The Myth of Mental Illness Amongst the Asian community

So, this is now my third post! Thanks for reading! Just a quick note, my blog is primarily based on personal views and experience, sometimes referring to research and some background information, with the aim of helping anyone who may be suffering, or know of anyone suffering from a mental health illness. I would welcome any advice and feedback on my blogs, or your personal thoughts on the topic.

I’ve been asked by several people (since starting this blog) about my opinions on this topic, so I decided to write a short blog about this matter. This is a blog about attitudes towards mental health in the Asian community (although, this doesn’t apply to all); and the same ‘myth of mental illness’ is found in other ethnic communities (such as the African Caribbean community, and the Latino community).

Mental illness is considered an unspoken ‘taboo’ subject. Coming from an Indian background, I understand this matter all too much; particularly because I am a psychology student – the usual response to people hearing this is ‘… oh, why’, and occasionally (but rarely) ‘wow, that’s so interesting!’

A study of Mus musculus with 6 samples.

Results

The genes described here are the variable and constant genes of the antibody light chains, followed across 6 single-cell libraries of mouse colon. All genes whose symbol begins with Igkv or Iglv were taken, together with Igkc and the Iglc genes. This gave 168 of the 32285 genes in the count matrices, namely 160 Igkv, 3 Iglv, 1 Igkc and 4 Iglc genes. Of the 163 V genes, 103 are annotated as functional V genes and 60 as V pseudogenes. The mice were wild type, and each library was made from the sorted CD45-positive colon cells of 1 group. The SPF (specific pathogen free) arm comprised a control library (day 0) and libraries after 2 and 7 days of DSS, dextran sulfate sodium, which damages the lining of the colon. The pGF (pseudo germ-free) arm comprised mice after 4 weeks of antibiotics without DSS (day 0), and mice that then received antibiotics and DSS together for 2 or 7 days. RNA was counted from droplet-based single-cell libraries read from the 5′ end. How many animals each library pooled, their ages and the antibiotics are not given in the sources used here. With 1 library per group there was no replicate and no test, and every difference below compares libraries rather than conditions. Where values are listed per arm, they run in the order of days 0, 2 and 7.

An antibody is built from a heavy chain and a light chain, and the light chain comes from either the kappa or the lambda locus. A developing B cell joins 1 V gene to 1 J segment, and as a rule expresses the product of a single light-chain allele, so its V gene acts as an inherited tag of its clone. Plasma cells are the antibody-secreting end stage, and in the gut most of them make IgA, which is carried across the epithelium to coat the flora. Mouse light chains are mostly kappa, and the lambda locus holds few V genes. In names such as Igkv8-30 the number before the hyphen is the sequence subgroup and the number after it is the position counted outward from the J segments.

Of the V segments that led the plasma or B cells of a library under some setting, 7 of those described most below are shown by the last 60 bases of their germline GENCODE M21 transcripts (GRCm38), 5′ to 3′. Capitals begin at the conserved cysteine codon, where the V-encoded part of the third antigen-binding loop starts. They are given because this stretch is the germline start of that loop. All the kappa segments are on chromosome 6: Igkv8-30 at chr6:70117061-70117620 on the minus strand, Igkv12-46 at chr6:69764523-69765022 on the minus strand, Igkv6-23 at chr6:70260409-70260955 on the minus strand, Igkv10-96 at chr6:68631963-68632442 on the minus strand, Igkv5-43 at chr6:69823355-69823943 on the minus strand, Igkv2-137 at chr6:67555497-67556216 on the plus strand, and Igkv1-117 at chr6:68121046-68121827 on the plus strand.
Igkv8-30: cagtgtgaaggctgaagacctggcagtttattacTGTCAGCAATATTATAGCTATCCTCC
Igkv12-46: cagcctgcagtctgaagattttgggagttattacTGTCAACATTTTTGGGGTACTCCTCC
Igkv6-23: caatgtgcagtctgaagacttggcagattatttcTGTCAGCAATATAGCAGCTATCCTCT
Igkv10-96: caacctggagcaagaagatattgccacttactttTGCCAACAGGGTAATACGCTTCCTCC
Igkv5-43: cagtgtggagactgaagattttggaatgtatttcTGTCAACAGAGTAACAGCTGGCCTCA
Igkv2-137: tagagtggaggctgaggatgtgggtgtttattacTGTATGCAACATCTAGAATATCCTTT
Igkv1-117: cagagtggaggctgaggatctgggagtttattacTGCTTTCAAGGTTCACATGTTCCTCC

Whilst attitudes towards mental illness have somewhat shifted, people still remain highly uninformed and many are still reluctant to accept that mental health illnesses are real, and people are not just simply ‘crazy’! However, considering that 1 in 4 of us has a mental illness, it’s time that attitudes change.

It’s actually shocking how many people have confided in me lately about a mental health issue that they have (mainly depression), and have asked me not to mention anything out of shame and guilt. Almost all of these people were from the Asian community, and it’s clear to see where the shame and guilt feelings emerge from. It’s for this reason that attitudes really need to change, so that help can be given to individuals who are suffering.

In my opinion, the main issue stems from a lack of acceptance for mental illnesses as being identifiable, diagnosable, and treatable illnesses; and it’s also related to feelings of shame and guilt (and being seen as different by others in the community); and in some cases (in general – not just in the Asian community), complete ignorance towards the subject. So, attitudes do need to change – and with increasing help and information available, they should change!

Thanks for reading! My next blog will be on depression!